I imagine that I will write about Satan at some point, as some readers have asked in response to yesterday’s post. However, we should also talk honestly about guns. Guns are everywhere in America, as Bill Moyers notes:
There are some 300 million guns in the United States, one in four adult Americans owns at least one and most of them are men. According to the British newspaper The Guardian, over the last 30 years, “the number of states with a law that automatically approves licenses to carry concealed weapons provided an applicant clears a criminal background check has risen from eight to 38.”
Every year there are 30,000 gun deaths and perhaps as many as 300,000 gun-related assaults in the U.S. Firearm violence costs our country as much as $100 billion a year. Toys are regulated with greater care and safety concerns than guns.
So why do we always act so surprised? Violence is our alter ego, wired into our Stone Age brains, so intrinsic its toxic eruptions no longer shock, except momentarily when we hear of a mass shooting like this latest in Colorado. But this, too, will pass as the nation of the short attention span quickly finds the next thing to divert us from the hard realities of America in 2012.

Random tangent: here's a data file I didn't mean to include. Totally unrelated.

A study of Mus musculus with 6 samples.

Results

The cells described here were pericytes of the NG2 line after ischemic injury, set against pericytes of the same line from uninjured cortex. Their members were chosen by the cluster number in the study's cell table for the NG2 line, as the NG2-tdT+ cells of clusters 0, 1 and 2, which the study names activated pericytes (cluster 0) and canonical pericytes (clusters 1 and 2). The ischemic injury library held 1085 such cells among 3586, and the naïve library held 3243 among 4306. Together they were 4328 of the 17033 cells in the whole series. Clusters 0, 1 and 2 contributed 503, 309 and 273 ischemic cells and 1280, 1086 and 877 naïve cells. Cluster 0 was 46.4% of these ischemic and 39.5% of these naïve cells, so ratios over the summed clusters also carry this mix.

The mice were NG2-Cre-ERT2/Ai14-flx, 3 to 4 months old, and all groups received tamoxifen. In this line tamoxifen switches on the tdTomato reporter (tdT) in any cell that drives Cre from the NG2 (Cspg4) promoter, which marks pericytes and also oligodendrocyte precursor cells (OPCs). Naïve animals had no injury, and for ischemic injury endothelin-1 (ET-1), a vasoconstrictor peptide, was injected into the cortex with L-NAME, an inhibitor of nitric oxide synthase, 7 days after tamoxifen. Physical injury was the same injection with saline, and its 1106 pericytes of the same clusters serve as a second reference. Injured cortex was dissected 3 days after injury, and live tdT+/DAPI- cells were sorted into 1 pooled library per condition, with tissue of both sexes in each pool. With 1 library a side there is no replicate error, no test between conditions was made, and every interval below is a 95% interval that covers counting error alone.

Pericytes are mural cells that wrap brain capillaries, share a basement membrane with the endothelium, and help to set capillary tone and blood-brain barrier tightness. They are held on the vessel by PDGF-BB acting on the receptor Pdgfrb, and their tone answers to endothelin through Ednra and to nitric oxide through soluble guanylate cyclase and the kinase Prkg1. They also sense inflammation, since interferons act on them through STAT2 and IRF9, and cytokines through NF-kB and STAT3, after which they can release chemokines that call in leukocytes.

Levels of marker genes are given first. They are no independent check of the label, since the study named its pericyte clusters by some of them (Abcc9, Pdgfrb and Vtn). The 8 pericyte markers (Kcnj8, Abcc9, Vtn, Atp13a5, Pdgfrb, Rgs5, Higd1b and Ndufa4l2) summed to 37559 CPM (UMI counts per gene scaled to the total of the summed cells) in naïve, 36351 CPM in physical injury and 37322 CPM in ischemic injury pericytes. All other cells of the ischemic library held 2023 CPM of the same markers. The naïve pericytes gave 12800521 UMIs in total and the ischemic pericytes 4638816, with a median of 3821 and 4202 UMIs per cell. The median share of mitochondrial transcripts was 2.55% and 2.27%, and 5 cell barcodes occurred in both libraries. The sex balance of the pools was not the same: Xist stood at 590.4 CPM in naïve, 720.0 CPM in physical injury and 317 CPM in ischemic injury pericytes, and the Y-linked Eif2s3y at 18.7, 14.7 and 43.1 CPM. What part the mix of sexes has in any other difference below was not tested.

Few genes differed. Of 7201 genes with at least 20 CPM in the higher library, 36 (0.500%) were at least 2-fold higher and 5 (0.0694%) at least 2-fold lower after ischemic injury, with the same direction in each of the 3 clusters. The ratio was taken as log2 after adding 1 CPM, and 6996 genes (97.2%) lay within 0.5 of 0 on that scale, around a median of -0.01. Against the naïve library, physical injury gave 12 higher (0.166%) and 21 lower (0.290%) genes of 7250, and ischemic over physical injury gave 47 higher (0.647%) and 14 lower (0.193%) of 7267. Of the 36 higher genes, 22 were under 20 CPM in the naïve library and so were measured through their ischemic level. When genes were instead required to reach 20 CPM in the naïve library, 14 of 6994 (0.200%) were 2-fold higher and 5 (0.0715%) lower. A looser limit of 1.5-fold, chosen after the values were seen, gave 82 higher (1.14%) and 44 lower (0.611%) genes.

In The New Christians, I recounted a similar fundamentalist response to the one I found from Greg Stier yesterday:
In the days following the April 2007 Virginia Tech shooting massacre, Pastor Ronnie Floyd posted extensively about the tragedy on his blog, “Between Sundays.” He warned the American church to “get serious” and to “WAKE UP!!!” Thirty-three persons had died, he wrote, and they each went to heaven or hell. He then urged his readers to get busy with evangelism because “death is real,” and the job of Christians is to “bring others to Christ” so that they won’t go to hell when they die.
In Floyd’s blog posts about the Virginia Tech shootings, there was nary a word about Seung-Hui Cho’s ready access to guns and ammunition. No comment about the epidemic of clinical depression in our country. Not a mention of the prevalence of hurting people in our culture, often adolescents who are shrouded in anonymity, lost on college campuses with tens of thousands of other students. In other words, Floyd said nothing about the systemic issues that become acute to many of us during times of tragedy. Floyd’s question is not how this young man’s mind became so twisted in his own mental illness, how he fell through the cracks of our societal net, or how he was able to purchase two handguns and hundreds of bullets with no more than a driver’s license. The question was about whether he and his victims had invited Jesus into their hearts before they died.
So critics can crow about me being insensitive for pointing to Stier’s comments, but he is simply one in a long line of conservative Christians who would rather supernaturalize these tragedies that deal with them in reality, where the rest of us live.